Media consumption is at an all-time high, spurred by the continued growth of mobile media consumption.
As a result, advertisers and publishers are looking for new ways to connect with consumers through the continued transformation of the media landscape.
Alongside the traditional “first screen” (the TV), use of a “second screen” (the mobile device) continues to grow as we become increasingly attached to our smartphones. Multitasking is also becoming more prevalent as indicated by rising dual screen consumption metrics. According to a 2012 Google research study of smartphone, PC, and TV users, 81% of participants reported using a mobile device while watching television.
Today, most ads on the second screen rely on traditional targeting methods that serve ads to the user based on the context (relevant to media being consumed on the mobile device) or the audience (attributes related to the interest or behaviors of the consumer using the mobile device).
But in order to cut through the clutter and create increased engagement in a multi-screen world, marketers are creating new ways to connect with consumers whose attention is increasingly split across multiple mediums.
At CES 2014, video ad company Innovid announced a partnership with Cisco to create a framework for a new method to target ads to consumers on second screen mobile devices.
The new platform will take a unique approach – targeting ads to users on the second screen based on keywords being mentioned on the first screen. By tapping into microphones on mobile devices, the platform can listen to the TV broadcast (first screen) and serve up mobile ads (second screen) related to the keywords mentioned in the broadcast.
So how will this work? As a consumer watches a broadcast, keywords are identified through the mobile device’s microphone, and ads can be served against those keywords – almost like how Google Display Network targets ads based on contextual keywords used on a webpage. In this case, the words are spoken in the broadcast rather than appearing as on-page text.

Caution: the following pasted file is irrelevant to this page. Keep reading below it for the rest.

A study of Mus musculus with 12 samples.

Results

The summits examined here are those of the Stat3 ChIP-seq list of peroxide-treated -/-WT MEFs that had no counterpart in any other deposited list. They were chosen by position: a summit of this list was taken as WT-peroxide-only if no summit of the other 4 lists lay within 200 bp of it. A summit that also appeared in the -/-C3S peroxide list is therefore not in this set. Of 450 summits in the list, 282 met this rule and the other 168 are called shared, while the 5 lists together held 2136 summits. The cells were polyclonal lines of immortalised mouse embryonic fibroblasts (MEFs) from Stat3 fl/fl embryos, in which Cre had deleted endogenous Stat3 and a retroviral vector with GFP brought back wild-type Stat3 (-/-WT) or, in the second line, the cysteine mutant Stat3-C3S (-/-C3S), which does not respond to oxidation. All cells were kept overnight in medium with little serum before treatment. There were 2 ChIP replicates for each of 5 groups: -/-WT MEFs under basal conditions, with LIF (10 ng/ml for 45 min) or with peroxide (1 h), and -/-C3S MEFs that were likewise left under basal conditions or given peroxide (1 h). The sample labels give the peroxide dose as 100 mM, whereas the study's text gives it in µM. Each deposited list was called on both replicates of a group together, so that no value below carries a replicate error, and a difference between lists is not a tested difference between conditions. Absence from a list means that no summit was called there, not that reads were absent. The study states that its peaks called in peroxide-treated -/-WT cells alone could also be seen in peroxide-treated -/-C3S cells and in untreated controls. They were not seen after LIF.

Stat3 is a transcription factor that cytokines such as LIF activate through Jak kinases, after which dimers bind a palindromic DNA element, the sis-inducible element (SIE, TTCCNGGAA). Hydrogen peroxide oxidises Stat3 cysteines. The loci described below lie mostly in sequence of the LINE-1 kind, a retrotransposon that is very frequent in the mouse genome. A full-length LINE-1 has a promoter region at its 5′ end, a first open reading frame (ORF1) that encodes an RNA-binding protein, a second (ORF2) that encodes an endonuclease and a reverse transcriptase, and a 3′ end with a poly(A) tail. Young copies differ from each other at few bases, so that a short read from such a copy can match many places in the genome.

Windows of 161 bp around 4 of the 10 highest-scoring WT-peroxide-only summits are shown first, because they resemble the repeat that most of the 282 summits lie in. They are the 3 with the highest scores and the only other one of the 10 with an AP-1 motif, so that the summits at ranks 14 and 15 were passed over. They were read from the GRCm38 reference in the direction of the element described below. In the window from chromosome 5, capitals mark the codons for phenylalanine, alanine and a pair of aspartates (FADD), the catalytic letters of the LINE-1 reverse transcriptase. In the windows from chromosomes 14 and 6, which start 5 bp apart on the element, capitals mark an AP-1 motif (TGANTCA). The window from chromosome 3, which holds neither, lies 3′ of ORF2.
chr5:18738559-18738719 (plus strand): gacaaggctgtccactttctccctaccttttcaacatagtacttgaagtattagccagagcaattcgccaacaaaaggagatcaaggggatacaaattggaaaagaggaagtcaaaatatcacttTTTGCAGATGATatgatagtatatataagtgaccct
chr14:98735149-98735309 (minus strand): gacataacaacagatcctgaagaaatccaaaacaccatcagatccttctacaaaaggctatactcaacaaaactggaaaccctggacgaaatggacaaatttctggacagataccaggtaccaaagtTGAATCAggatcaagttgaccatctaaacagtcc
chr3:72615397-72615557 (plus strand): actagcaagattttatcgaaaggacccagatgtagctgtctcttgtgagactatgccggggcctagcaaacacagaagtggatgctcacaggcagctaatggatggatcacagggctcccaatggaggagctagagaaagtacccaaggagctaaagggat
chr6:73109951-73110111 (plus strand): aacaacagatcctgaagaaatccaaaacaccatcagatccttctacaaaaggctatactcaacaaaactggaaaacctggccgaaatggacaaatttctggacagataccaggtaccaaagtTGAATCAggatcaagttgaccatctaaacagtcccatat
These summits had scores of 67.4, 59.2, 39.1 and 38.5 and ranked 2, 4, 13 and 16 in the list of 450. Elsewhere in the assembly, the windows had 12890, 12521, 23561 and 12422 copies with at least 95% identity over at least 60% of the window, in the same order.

For example, if a movie star is on a late night talk show discussing a new film, the user could see an ad on their tablet to purchase tickets for the film.
The new platform will tap into Cisco’s Contexta system which listens to broadcast content and generates metadata about the spoken content in order to serve relevant ads on the second screen. According to the announcement at CES this year, the system will not be limited to the spoken keyword alone, but the context of how the keywords are used will be a factor in ad targeting. Relevance should be high, as the system doesn’t just look at the keywords in a vacuum, but analyses who is saying the keyword, and in what context.
The initial roll out of the platform will likely target users who have installed mobile applications from content providers like cable companies. In order to achieve scale, ads can be served through mobile notifications so that users do not need to have the cable company’s mobile application open in order to be served an ad.
According to Innovid, the initial roll out for the platform will take place by Q3 2014. Technical details haven’t been revealed, but there are likely some hurdles around application permissions, as mobile users would need to allow their device to listen to the content in the background in order for the platform to work. If scale can in fact be achieved, maybe through incentivizing consumers to opt into the program, this might be an interesting method to cut through the clutter and drive personalized engagement in a world with an increasingly fragmented and competitive media landscape.